Question Pc only turns on without GPU, will I have to get a new one?

Feb 25, 2020

Now it boots up fine without the GPU (GTX 1060), but if I try with it plugged in, the PC does nothing, like it's not even plugged to the wall.

Is this something I can fix? Or will I have to get a new GPU?
 

Wolfshadw

Titan
Moderator
It's possible it damaged your GPU, but more than likely, it's just not able to provide enough power. You will want to test your GPU in another computer (ask a friend) and/or test your computer (with graphics installed) with another power supply.

Of course, this assumes you've check to make sure that your graphics card has it's supplemental power connected to the power supply.

-Wolf sends
 
Feb 25, 2020
7
0
10
0
It's possible it damaged your GPU, but more than likely, it's just not able to provide enough power. You will want to test your GPU in another computer (ask a friend) and/or test your computer (with graphics installed) with another power supply.

Of course, this assumes you've check to make sure that your graphics card has it's supplemental power connected to the power supply.

-Wolf sends
Yes, the GPU is connected to the PSU.

Since I don't know anyone who has a desktop PC, testing the the GPU will take some time, but thanks for the help.
 

Wolfshadw

Titan
Moderator
Yes, the GPU is connected to the PSU.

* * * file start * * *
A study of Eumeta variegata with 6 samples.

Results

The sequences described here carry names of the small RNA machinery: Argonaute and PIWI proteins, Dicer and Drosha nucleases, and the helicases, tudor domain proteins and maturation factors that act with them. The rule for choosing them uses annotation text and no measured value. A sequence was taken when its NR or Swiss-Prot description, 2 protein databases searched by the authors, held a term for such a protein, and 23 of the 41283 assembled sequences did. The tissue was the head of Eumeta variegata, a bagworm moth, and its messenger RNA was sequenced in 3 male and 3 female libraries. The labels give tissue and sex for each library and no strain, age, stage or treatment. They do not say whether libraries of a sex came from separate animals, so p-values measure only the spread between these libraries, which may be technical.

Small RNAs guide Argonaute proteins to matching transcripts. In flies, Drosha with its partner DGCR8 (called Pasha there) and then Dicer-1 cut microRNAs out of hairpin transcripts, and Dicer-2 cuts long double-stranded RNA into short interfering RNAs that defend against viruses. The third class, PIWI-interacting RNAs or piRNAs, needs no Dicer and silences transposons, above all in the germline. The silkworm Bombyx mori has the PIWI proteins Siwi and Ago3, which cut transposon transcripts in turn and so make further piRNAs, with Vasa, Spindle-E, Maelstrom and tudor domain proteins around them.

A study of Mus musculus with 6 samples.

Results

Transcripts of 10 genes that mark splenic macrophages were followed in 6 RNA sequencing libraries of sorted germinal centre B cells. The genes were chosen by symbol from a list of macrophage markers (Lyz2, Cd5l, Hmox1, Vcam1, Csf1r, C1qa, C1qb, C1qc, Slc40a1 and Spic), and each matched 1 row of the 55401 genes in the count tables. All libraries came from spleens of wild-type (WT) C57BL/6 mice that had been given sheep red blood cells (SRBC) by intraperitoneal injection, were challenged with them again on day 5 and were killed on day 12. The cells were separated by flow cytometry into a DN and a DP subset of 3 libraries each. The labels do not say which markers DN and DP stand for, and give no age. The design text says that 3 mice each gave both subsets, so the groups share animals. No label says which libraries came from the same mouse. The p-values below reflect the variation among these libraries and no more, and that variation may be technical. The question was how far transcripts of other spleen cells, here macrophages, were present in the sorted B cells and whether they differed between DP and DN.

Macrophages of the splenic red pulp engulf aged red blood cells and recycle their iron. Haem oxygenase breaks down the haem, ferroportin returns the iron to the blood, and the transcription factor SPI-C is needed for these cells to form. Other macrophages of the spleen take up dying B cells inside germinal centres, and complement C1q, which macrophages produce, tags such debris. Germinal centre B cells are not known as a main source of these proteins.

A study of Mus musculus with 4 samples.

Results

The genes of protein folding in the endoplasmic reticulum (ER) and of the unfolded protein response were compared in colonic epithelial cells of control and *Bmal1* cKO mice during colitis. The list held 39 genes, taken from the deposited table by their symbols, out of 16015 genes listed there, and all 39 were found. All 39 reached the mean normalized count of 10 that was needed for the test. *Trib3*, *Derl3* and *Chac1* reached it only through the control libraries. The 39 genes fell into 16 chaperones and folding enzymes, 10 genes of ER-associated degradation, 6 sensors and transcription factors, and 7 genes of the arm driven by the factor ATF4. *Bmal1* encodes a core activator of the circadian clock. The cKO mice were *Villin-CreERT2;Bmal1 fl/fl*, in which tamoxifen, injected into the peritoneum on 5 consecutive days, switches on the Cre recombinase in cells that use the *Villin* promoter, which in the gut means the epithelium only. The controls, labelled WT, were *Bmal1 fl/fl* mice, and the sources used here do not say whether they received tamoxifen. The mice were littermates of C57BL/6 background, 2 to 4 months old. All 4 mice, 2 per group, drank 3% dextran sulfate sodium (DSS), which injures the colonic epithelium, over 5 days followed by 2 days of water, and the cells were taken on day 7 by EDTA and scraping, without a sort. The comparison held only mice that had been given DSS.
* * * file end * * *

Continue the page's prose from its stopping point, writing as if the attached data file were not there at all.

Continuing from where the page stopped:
Since I don't know anyone who has a desktop PC, testing the the GPU will take some time, but thanks for the help.
In that case, the easiest thing to do would be to go ahead and get a new power supply from a local merchant that has a good return policy. Install the new power supply and test your system. If it powers up, you're good to go. If not, then you may want to return the power supply and start digging into what else may be causing the issue.

If it were me, I'd go ahead and purchase a new power supply with the intention of keeping it anyway.

-Wolf sends
 
Reactions: King_V
Feb 25, 2020
7
0
10
0
In that case, the easiest thing to do would be to go ahead and get a new power supply from a local merchant that has a good return policy. Install the new power supply and test your system. If it powers up, you're good to go. If not, then you may want to return the power supply and start digging into what else may be causing the issue.

If it were me, I'd go ahead and purchase a new power supply with the intention of keeping it anyway.

-Wolf sends
Thanks for the advice, but I'm on a very limited budget, so I won't be able to buy a new PSU right away, but it sure beats saving up for a new GPU.